The Dead Man
[Jesus] told them plainly, “Lazarus is dead” (v.14).
Thomas Lynch is an acclaimed poet and nonfiction
writer who has won the American Book Award. He’s
also an undertaker. In The Undertaking: Life Studies
from the Dismal Trade, Lynch shares stories from his
decades of helping families say goodbye to their loved
ones. The opening line of the book definitely catches
your attention: “Every year I bury a couple hundred of
Death is a grim but fascinating reality. Strange, isn’t it,
that something so common can be so mysterious? We don’t
know exactly what it’s like to be on the other side. There
haven’t been many eyewitness accounts of what post-dead
looks like. Everybody knows that when you’re dead, you
normally stay dead. . . . Unless, of course, Jesus is around.
John narrates the story of Lazarus’ death and his
sisters’ accompanying grief. After receiving news of
Lazarus’ illness, Jesus delayed His return to Bethany; and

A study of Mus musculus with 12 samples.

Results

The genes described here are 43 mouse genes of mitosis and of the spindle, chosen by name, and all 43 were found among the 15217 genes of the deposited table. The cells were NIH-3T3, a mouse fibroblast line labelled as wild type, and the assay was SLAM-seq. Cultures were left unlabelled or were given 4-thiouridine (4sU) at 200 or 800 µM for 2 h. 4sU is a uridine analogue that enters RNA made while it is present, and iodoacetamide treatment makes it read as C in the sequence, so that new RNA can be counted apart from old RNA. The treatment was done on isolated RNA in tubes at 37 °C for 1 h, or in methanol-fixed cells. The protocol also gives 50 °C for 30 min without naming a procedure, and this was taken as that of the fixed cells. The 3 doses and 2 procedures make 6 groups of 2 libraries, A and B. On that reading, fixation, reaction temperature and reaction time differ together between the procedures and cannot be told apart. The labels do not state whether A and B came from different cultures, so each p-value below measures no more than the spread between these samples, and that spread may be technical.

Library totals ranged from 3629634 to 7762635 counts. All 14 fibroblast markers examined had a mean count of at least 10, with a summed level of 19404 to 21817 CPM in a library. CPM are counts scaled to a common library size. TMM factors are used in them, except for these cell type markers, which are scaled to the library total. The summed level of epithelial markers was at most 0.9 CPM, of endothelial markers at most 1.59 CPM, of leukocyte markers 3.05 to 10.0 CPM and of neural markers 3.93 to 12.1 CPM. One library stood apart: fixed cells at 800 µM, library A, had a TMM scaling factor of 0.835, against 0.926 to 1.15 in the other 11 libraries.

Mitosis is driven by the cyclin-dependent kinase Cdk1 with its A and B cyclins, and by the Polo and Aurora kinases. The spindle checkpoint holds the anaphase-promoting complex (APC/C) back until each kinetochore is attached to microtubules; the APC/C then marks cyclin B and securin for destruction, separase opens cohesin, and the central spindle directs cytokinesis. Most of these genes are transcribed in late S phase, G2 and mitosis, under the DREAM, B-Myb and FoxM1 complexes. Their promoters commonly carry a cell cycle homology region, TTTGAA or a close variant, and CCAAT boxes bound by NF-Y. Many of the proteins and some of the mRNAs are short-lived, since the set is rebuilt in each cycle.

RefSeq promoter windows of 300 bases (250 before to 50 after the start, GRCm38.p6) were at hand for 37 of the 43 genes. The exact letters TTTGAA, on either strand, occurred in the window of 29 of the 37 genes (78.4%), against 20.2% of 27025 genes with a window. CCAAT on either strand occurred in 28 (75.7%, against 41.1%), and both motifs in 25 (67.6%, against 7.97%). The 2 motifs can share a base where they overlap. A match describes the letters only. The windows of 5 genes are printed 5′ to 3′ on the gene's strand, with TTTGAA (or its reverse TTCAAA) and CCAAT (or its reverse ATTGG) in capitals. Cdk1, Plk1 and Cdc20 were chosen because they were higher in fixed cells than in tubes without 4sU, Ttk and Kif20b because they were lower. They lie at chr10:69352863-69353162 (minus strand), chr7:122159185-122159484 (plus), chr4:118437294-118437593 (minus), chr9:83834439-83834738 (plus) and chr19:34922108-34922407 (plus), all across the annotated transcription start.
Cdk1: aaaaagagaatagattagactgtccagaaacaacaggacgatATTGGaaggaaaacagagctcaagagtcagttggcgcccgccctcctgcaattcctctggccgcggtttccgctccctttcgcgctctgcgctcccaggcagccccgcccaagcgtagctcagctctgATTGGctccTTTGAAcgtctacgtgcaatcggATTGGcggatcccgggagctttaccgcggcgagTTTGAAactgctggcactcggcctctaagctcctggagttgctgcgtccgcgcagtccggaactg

when He did arrive, He discovered that Lazarus had
already “been in his grave for four days” (11:17). John
goes to great lengths to emphasize that Lazarus is in
every sense dead and beyond hope.
Some rabbis of the day taught that one’s soul hovered
near the body for up to three days after death. This, John
says, was the fourth day (v.17). Further, Martha protested
that Jesus not go to the burial site because “the smell
[would] be terrible” (11:39). And twice, for emphasis,
John refers to Lazarus simply as the “dead man” (vv.39,44).
Lazarus was dead, completely dead. This makes what follows all the more
incredible. Jesus walked to the grave, told them to roll away the stone, and shouted,
“Lazarus, come out!” (v.43).
Lazarus walked out. And in that moment, all who saw him knew exactly who
holds the power over death.
Read Colossians 2:10 to see what it says about God’s power over death
and our new life in Jesus.
Where do you see death in your heart, family, neighborhood, and
world? What would the infusion of Jesus’ life look like in these places?